AMD Has Taped Out 14nm Greenland – Compute Advantage over NVIDIA and Intel?
In a recent conversation with Forbes, AMD’s head of the graphics division at Radeon Technologies Group (RTG), Raja Koduri, revealed some great details about their 2016 GCN plans. During the brief chat, Koduri confirmed that RTG will launch two brand new GCN GPUs in 2016 as part of their plan to “make Advanced Micro Devices more power and die size competitive.”
That means, we have at least two GPUs coming from AMD, which will feature their next generation GCN architecture along with FinFET process. These new GPUs are believed to be mainstream and high-end members of the Arctic Island GPU family as the chip maker has put a lot of emphasis on “High-Performance” in their previous slides.
Now, a new report has surfaced claiming that AMD has tapped out first prototypes carrying Greenland GPU architecture. If you haven’t looked up lately, Greenland is the alleged codename for the Arctic Islands’ flagship that will cater to performance enthusiasts looking to build an extreme PC system.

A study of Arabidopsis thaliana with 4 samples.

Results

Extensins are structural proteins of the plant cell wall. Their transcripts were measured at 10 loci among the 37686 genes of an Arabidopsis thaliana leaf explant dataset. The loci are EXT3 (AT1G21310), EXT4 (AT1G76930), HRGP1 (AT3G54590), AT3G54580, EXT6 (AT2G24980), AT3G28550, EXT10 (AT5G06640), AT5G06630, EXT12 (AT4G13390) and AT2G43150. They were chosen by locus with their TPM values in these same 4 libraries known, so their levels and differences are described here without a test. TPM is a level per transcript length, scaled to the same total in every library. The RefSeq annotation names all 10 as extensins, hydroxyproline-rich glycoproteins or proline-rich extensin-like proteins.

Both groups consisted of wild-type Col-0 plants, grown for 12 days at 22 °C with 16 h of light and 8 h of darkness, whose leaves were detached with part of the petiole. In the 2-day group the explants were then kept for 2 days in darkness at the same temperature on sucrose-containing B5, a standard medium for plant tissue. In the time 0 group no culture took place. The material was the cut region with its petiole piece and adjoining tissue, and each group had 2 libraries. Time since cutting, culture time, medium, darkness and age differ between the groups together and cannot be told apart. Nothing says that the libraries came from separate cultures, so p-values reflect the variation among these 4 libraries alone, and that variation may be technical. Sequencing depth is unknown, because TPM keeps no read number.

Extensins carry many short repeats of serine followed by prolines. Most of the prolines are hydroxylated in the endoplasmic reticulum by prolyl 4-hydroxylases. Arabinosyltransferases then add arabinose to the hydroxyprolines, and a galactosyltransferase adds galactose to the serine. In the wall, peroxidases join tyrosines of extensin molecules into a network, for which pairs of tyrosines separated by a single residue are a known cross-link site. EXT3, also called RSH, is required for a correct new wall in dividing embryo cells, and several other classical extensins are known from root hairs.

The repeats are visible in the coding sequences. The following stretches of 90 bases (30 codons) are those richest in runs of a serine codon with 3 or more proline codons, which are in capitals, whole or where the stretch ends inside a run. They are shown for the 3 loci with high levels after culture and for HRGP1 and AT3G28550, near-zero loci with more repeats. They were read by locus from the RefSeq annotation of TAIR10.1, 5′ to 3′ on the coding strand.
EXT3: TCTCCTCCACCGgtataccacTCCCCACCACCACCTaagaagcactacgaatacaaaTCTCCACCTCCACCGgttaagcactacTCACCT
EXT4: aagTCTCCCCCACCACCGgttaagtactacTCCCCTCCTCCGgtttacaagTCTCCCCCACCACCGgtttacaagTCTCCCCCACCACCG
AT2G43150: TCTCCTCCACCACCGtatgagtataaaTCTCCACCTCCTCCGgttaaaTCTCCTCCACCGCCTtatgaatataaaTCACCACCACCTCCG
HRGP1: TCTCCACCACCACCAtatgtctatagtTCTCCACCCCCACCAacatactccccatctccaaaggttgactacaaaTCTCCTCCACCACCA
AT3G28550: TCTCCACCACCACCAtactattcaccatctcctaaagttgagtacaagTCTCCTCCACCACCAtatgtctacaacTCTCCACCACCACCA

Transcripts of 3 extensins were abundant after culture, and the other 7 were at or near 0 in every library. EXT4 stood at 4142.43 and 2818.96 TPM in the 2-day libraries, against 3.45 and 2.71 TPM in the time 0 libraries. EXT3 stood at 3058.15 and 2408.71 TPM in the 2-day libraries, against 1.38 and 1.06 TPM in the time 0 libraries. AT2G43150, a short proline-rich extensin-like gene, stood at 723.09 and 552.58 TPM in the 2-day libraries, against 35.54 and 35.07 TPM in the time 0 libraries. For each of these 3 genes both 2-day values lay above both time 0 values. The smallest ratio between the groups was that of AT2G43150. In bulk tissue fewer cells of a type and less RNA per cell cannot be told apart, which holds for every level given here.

The Greenland is expected to pack around 18 billion transistors (up from the 8.9 billion found on the Fiji GPU), connected to 16 and 32GB HBM2 memory, in single and dual-GPU configuration. As it goes from 28nm to 14nm architecture, the big GPU would bring the power down in the 40-50% range – something that AMD CEO Lisa Su confirmed during the last quarterly earnings call.
We are also focused on delivering our next generation GPUs in 2016 which is going to improve performance per watt by two times compared to our current offerings, based on design and architectural enhancements as well as advanced FinFET products process technology.
I can’t say for certain but from the looks of things as they are, AMD seems to be all set to take on NVIDIA Pascal and Intel Xeon Phi. Should it act smart, 2016 could be a landmark year for the company. What do you think? Share your thoughts on the topic in the comments section below.
Gohar is the lead editor at TechFrag. He has a wide range of interests when it comes to tech but he's currently spending a big chunk of his time writing about privacy, cyber security, and anything policy related.